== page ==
Dominic Raab should “move forward” with plans to force criminals to attend their sentencing hearing, the aunt of murdered law graduate Zara Aleena has said.
Farah Naz made the comments after Olivia Pratt-Korbel’s killer, Thomas Cashman, refused to face the murdered nine-year-old’s family in court at his sentencing hearing on Monday.
He is beginning a life sentence and must spend at least 42 years behind bars before being considered for parole.
Jordan McSweeney, who murdered 35-year-old Ms Aleena as she walked home in Ilford, east London, on June 26 last year, also refused to face her family in court before being jailed for life with a minimum term of 38 years last December.
When lawyer Craig Mackenzie, who appeared alongside her, suggested the plan was impractical she claimed there are “other ways” to implement it that do not involve dragging defendants kicking and screaming into the dock.
She added: “Surely the judgment is part of the punishment… we need to see that the process will deter further crime and how can the process feel like a punishment if the convict actually exercises their bit of power? It’s the last bit of power that needs to be taken away, certainly in our eyes.
“I think there are other ways to make the convict come to face their judgment and that would be to add time to their sentencing or there can be other ways.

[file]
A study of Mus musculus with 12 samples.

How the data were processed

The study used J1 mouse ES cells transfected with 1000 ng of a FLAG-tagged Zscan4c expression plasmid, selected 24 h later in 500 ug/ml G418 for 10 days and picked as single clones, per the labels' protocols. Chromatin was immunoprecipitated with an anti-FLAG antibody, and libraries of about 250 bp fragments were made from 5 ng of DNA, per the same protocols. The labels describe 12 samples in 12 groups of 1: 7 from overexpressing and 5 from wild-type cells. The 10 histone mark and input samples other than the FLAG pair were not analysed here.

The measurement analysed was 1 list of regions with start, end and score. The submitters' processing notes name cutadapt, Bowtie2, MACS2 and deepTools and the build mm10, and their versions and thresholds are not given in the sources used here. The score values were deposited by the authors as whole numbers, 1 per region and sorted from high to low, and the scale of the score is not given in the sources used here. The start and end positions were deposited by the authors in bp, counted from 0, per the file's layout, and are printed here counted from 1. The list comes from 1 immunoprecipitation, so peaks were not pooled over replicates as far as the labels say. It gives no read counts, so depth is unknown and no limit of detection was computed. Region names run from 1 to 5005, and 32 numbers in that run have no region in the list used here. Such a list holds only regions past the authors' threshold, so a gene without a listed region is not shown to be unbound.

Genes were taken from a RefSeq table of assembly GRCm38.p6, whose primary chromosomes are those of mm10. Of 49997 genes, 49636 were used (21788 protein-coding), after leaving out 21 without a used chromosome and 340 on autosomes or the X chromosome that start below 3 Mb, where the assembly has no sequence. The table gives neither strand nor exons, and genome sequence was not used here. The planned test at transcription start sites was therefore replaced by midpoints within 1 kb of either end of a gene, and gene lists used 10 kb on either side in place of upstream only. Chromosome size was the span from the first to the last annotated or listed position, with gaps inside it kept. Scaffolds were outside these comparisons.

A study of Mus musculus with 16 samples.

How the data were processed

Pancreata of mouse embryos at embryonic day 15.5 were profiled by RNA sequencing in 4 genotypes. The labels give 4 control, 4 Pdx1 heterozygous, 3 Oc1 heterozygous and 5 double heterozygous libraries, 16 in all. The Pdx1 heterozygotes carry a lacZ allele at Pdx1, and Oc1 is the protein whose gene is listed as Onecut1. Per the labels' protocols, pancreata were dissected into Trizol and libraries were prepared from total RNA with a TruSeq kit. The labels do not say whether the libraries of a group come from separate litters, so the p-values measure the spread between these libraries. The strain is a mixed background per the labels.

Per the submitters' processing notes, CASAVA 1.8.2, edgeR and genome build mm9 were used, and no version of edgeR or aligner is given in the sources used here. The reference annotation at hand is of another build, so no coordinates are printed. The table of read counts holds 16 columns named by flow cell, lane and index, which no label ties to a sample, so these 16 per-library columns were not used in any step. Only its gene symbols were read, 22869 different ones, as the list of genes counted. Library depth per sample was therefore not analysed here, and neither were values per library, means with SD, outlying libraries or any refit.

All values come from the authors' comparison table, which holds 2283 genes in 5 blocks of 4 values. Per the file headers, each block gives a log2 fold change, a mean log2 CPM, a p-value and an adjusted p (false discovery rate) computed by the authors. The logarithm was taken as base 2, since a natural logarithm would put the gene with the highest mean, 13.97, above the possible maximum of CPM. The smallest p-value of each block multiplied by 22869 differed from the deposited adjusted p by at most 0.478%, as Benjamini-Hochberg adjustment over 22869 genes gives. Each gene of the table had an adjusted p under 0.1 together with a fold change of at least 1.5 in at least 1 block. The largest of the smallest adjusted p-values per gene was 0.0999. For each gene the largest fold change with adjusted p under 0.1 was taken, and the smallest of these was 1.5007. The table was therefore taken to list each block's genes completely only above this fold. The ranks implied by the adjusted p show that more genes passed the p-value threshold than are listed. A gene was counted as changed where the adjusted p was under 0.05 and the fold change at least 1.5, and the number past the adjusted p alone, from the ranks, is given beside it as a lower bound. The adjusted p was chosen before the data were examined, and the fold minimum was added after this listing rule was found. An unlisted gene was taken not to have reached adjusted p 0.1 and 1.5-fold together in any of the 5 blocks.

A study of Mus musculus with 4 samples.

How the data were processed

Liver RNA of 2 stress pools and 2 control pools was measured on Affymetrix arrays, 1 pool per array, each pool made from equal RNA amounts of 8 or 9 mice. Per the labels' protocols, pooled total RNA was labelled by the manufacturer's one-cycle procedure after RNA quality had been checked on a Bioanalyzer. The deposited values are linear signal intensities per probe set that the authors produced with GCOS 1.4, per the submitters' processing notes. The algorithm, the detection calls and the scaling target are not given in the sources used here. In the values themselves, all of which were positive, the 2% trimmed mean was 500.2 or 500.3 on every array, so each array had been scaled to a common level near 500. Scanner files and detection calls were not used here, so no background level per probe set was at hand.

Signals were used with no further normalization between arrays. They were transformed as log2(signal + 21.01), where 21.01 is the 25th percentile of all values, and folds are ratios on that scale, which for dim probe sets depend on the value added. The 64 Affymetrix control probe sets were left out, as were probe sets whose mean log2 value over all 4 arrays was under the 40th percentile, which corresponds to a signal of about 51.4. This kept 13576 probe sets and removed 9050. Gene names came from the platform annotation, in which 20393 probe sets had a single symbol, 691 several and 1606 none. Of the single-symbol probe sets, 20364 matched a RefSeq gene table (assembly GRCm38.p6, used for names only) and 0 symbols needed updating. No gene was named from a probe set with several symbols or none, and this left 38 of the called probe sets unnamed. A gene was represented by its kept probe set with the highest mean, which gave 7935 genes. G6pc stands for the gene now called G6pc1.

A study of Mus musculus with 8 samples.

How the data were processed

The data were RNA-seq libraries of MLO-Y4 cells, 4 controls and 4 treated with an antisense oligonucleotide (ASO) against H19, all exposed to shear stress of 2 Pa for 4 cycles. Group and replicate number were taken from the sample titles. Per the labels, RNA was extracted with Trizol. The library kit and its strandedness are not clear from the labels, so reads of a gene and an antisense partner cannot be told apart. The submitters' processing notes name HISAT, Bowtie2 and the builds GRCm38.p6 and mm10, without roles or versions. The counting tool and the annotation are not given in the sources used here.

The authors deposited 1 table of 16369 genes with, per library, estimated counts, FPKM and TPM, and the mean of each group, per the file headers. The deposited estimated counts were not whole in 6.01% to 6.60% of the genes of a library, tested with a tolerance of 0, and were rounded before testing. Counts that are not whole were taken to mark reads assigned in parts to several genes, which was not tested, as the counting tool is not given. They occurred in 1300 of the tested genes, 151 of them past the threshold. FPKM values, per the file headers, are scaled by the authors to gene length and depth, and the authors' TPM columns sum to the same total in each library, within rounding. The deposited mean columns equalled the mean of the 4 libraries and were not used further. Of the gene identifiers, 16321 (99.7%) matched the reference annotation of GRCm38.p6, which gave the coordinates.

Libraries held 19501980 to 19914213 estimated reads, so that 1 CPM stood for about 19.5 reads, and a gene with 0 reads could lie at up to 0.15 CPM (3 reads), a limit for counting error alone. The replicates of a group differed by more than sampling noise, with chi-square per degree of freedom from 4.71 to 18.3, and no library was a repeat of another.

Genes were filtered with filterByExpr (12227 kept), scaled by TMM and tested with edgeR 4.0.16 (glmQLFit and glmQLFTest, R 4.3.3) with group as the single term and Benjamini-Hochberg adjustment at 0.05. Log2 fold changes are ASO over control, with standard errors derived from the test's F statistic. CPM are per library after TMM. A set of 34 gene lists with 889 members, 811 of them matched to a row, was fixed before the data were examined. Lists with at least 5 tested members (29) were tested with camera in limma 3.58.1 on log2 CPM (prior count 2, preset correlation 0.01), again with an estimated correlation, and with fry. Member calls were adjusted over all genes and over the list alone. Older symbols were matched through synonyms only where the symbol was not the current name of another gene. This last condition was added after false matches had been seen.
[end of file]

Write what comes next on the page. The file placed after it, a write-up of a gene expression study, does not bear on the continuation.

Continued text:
“Otherwise we don’t have people deterred from committing crimes if they’re just moving from cell to cell there’s no sense of punishment.
She described McSweeney refusing to attend his sentencing as a “further slap in the face” and “another attack from him”.
She also said the family had “anticipated the moment” they would be able to look at McSweeney and give their victim impact statement, adding that it felt like an “incomplete process” after he refused to turn up.
She added that she felt “really sad” for Olivia’s family that they were not able to see the man who “destroyed their lives” being sentenced.
Mr Mackenzie suggested the proposals were impractical because victims’ families could be even more distressed if criminals become very disruptive during sentencing hearings they have been forced to attend.
“This is exactly why the Deputy Prime Minister is committed to changing the law so that offenders are forced to face the consequences of their actions.”
Labour’s shadow justice secretary, Steve Reed, said: “It’s an absolute scandal that the Tory Government has stood by while killers, rapists and terrorists pick and choose whether they turn up to face justice.
“It is disrespectful and grossly offensive to victims that criminals can refuse to face the consequences of their crimes in court. For victims and their families, this can be a vital part of seeing justice done.
“Labour called for new laws on this back in April last year – but the Conservatives have dragged their feet and failed to act.
“Labour will always put victims of crime first and give judges the power to force offenders to face the consequences of their actions in court. Victims deserve nothing less.”